Hyponatraemia judge “troubled” over whistleblower investigation

Mr Justice John O'Hara at the launch of the Hyponatraemia Inquiry report

Mr Justice John O'Hara at the launch of the Hyponatraemia Inquiry report

THE high court judge who chaired the Hyponatraemia Inquiry has said he considers concerns raised by a whistleblower that material was withheld from the inquiry as “legitimate and to have been raised in the public interest”.

Just weeks before the Hyponatraemia Inquiry delivered its highly critical report at the end of January, new allegations by a whistleblower emerged that material had not been passed onto the inquiry.

An internal probe by health authorities had previously found no evidence to support the claims of any "deliberate attempt to remove evidence".

However in a new letter to health service lawyers by Mr Justice John O’Hara he said he believed that the whistleblower was “justified in drawing attention to the question of whether adequate searches were conducted, and by whom, in 2004”.

In a statement to The Detail the Health and Social Care Board said: "The board has received the correspondence and will continue to cooperate with Mr Justice O'Hara in relation to his consideration of the issues raised by the whistleblower. The Board will be responding to the issues raised by Mr Justice O’Hara by Monday, 12 March 2018."

The damning Hyponatraemia Inquiry report published on January 31 2018 was critical of a “self-regulating and unmonitored” health service.

The report investigated the cases of five children who died in Northern Ireland hospitals between 1995 and 2003 - Raychel Ferguson (9), Claire Roberts (9), Adam Strain (4), Conor Mitchell (15) and Lucy Crawford (17 months). It concluded that four of the deaths were avoidable.

The Belfast, Southern and Western health trusts said they "unreservedly apologise" to the five families.

Hyponatraemia is a medical condition that occurs when there is a shortage of sodium in the bloodstream. Click here to read The Detail’s previous coverage of the inquiry and for more information on each of the children’s cases.

Following the report’s publication, The Detail revealed that Mr Justice O’Hara had to legally compel health service lawyers to hand over documentation relating to the whistleblower allegations.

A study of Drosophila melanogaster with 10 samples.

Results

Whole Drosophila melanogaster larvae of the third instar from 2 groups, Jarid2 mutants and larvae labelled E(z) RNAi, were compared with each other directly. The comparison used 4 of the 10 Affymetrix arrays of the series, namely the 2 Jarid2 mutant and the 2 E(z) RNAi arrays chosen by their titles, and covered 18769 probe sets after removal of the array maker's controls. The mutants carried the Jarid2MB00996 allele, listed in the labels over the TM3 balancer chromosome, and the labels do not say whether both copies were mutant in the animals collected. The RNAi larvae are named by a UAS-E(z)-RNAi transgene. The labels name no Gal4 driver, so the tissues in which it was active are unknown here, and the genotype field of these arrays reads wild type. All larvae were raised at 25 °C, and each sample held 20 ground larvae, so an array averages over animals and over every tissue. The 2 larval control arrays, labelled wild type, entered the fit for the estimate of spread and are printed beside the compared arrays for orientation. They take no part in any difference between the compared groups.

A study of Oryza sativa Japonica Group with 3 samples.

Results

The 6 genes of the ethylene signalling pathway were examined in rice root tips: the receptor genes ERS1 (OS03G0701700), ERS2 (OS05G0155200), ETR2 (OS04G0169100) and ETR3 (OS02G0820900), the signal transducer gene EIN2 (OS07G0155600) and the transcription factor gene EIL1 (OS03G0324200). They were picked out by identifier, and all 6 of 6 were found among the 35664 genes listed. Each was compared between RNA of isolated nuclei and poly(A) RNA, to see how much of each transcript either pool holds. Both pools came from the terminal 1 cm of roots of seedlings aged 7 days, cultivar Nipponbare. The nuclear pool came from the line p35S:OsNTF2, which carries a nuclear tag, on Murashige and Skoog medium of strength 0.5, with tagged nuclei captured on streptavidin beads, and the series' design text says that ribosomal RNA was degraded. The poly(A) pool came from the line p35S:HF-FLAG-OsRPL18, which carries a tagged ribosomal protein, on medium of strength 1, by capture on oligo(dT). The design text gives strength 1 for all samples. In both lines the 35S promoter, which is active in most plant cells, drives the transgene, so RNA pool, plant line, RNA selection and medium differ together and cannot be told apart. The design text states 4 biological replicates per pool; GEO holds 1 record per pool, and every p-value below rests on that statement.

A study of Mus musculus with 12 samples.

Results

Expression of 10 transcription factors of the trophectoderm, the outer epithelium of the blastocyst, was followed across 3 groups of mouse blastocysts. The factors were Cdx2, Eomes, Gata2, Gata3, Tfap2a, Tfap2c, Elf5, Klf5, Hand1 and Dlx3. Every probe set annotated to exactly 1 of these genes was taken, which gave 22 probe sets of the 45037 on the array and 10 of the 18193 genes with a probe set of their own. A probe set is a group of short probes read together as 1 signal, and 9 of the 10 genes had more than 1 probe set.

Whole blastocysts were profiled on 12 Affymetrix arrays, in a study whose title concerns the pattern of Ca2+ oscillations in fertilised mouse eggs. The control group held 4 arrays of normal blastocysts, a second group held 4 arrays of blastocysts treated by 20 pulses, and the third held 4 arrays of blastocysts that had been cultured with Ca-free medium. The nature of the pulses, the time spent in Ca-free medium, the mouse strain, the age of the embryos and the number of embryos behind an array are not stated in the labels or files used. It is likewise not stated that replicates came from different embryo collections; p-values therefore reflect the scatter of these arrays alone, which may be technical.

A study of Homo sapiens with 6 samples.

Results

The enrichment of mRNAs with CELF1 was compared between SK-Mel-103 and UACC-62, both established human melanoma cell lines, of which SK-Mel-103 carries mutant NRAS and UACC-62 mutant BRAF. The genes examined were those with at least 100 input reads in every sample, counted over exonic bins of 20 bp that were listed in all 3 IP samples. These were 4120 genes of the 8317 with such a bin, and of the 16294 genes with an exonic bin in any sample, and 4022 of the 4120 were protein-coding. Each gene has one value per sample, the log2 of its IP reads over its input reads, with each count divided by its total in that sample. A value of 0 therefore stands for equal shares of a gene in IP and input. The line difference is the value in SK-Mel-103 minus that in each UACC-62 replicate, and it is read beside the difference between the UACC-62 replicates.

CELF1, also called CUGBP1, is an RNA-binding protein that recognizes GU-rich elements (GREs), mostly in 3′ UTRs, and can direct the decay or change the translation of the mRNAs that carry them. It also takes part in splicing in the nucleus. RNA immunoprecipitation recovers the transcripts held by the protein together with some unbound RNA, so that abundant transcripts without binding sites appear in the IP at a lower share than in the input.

A ‘statutory notice’ was issued on January 23 2018 to force lawyers from the Directorate of Legal Service to send him documents relating to the original complaint by the whistleblower.

The Directorate of Legal Services (DLS) is the sole provider of legal services for the health and social care sector in Northern Ireland.

In new correspondence sent to the DLS on March 2 2018 by Mr Justice John O’Hara he outlined his belief that the whistleblower was “justified in drawing attention to the question of whether adequate searches were conducted, and by whom, in 2004”.

The chairman is also critical of the fact that during the inquiry’s public hearings in May 2013 he was not informed of doubts raised internally about the adequacy of document searches from 2004.

He writes: "The inquiry was not informed that there had been doubts about who searched for what or that previous assurances had been incorrectly given”.

The letter further states: “So far and amongst other things, I am concerned that in a context where potentially important relevant documents probably existed (and may still exist) and were not made available to the inquiry despite repeated requests, the concerns raised by the whistleblower must deserve particular scrutiny.”

The chairman also states that had any doubts around the search for documentation been brought to his attention during the public hearings, questions would have been asked and assurances sought on “whether adequate searches had been conducted at all”.

In concluding his letter Mr Justice O’Hara states: “I consider it reasonable at this stage to characterise the whistleblower’s concerns as legitimate and to have been raised in the public interest.

“Accordingly, I am very troubled that the Whistleblower Investigation Report should have found as it did and to have neither addressed these specific concerns nor the evidence relevant to them.”

The chairman also raised concerns about outstanding documentation and asked for a detailed response to be issued on or before Monday March 12.

Following publication of the Hyponatraemia Inquiry report the Department of Health's most senior civil servant, Richard Pengelly, announced that a dedicated team would be set up to respond to the report's 96 recommendations.